10 February 2014

Firenze com'era

Fiorenza, detail, by Stefano Bonsignori
I was a bit sad to learn that  one of my favorite quirky little museums, Museo Storico Topografico di Firenze com'era has been closed. This was one of those city museums with models and old maps and artifacts pertaining to the history of the city and the lives of its past citizens.  Although small and a bit dark, it was nevertheless a charming and informative place.  
the Della Catena Map of Florence, 1490 courtesy Brown University
Notable in the collection was a series of lunette murals of Medici villas, painted by Giusto Utens around 1599.  One of which,
Cafaggiolo, was the source of a mural I painted some years ago.

Lunette mural after Giusto Utens, by Lynne Rutter

Fragments of the old com'era collection are being displayed in a room of the Palazzo Vecchio, including a huge painting by cartographer Stefano Bonsignori of Fiorenza in the 1490s as well as a superb reprint of the Pianta della Catena attributed to Lorenzo Rosselli, and a series of beautiful 19th century oil sketches painted by Augusto Marrani in the late 19th century, depicting the narrow streets and picturesque passageways of the old Florence Ghetto, just before it was all torn down in a "much-disputed urban redevelopment progamme."
Strapwork cartouche detail of a map of "Trogloditica" painted by cartographer Stefano Bonsignori, Guardaroba, Palazzo Vecchio.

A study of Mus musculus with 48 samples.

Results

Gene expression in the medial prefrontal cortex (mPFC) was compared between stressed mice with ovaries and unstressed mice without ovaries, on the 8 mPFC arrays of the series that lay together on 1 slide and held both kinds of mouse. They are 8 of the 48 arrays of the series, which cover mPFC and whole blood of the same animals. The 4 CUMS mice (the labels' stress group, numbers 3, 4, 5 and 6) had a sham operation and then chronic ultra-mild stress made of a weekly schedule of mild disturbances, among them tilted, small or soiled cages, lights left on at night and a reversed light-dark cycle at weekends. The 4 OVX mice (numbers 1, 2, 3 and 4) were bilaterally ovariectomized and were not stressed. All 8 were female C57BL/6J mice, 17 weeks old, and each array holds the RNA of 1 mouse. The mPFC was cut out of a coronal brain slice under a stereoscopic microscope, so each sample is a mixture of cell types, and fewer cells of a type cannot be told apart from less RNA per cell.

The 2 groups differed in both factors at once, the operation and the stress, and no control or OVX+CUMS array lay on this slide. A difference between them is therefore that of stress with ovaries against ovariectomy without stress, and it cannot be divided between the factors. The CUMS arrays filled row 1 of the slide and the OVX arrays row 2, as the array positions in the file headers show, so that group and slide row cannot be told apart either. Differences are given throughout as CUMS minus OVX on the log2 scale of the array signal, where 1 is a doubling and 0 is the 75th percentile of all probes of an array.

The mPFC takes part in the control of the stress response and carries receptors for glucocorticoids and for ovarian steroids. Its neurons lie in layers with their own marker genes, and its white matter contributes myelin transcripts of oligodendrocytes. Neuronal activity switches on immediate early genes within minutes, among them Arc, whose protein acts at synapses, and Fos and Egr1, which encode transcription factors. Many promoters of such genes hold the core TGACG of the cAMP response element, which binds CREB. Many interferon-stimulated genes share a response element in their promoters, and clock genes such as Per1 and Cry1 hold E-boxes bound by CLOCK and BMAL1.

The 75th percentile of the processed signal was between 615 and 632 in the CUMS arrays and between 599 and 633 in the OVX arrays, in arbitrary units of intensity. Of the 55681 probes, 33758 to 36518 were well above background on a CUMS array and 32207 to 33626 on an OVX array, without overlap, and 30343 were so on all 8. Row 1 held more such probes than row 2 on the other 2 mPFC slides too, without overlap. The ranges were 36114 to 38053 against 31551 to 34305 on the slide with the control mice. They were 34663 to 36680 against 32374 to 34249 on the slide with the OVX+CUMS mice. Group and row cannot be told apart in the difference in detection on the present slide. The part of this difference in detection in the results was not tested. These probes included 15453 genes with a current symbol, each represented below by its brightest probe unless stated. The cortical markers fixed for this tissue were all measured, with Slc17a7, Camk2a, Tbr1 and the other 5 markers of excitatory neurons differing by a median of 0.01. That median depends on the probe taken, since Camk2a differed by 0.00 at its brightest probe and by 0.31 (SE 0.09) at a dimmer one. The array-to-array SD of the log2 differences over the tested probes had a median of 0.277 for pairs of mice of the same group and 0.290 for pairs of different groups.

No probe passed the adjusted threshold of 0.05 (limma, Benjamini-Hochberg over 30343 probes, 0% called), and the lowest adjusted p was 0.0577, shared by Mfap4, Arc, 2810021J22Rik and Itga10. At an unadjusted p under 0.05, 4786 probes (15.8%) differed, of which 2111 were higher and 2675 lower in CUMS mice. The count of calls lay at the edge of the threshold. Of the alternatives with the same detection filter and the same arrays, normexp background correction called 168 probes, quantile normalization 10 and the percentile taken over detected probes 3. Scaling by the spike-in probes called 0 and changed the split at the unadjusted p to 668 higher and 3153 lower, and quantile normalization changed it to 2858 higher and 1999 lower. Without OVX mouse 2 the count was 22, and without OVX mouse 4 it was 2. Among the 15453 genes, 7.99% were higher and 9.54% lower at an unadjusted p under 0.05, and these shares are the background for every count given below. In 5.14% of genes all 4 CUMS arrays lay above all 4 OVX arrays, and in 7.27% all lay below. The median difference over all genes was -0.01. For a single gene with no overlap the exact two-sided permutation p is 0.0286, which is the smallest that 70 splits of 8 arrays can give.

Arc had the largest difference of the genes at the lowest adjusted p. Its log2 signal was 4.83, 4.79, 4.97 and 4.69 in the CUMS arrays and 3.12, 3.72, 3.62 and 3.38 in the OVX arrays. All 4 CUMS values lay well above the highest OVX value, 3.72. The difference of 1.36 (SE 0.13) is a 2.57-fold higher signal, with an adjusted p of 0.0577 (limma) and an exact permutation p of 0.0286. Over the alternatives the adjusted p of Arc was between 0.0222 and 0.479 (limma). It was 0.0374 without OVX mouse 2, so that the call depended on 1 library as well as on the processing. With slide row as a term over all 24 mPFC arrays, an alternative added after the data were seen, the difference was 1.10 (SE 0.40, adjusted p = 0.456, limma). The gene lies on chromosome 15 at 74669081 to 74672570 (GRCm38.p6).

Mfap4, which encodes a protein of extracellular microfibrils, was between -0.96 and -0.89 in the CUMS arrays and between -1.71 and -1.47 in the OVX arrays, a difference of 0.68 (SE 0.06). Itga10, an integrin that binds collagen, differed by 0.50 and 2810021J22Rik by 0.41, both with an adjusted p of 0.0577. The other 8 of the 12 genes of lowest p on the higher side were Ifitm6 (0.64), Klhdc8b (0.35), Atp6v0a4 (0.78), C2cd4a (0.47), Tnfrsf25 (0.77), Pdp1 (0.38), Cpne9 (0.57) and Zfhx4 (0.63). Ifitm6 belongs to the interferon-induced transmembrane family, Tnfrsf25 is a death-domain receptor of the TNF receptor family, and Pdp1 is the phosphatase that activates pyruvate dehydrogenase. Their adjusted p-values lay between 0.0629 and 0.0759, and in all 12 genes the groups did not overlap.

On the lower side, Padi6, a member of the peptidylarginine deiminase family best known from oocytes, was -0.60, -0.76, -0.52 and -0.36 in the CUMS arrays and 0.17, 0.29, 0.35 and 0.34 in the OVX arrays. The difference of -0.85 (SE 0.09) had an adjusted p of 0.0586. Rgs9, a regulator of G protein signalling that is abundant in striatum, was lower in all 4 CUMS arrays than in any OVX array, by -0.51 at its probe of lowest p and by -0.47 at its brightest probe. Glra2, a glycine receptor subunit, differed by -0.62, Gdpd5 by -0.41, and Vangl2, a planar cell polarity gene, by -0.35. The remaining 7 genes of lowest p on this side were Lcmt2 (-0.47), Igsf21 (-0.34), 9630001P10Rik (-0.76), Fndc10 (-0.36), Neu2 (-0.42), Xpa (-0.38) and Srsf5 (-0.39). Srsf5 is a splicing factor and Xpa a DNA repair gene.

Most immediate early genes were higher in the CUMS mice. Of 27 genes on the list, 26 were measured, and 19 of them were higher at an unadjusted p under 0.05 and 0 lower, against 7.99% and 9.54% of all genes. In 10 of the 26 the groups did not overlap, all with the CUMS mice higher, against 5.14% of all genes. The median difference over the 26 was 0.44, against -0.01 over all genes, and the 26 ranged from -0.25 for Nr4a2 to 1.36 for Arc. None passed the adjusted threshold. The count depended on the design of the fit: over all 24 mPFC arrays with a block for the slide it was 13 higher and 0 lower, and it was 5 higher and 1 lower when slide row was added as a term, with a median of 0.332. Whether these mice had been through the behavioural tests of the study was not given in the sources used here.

Fiorenza, detail, by Stefano Bonsignori

Maps are to me really fascinating, not just as historical documents but as examples of the artful and inventive display of information, and often great graphic design.   Fortunately for us map geeks, the Palazzo Vecchio also has an entire room dedicated to maps, designed by Vasari for Cosimo I de' Medici.  




click on images to view larger 
unless otherwise noted, photos by Lynne Rutter, Florence, Italy February 2014






7 comments:

  1. Dear Lynne,

    I remember reading up on Florence before traveling there, and being fascinated to know that before the Medici took control, there were countless towers throughout the city, each one an individual family's defense. It's always amazed me to realize that so much beautiful art ocurred amidst so much turbulance!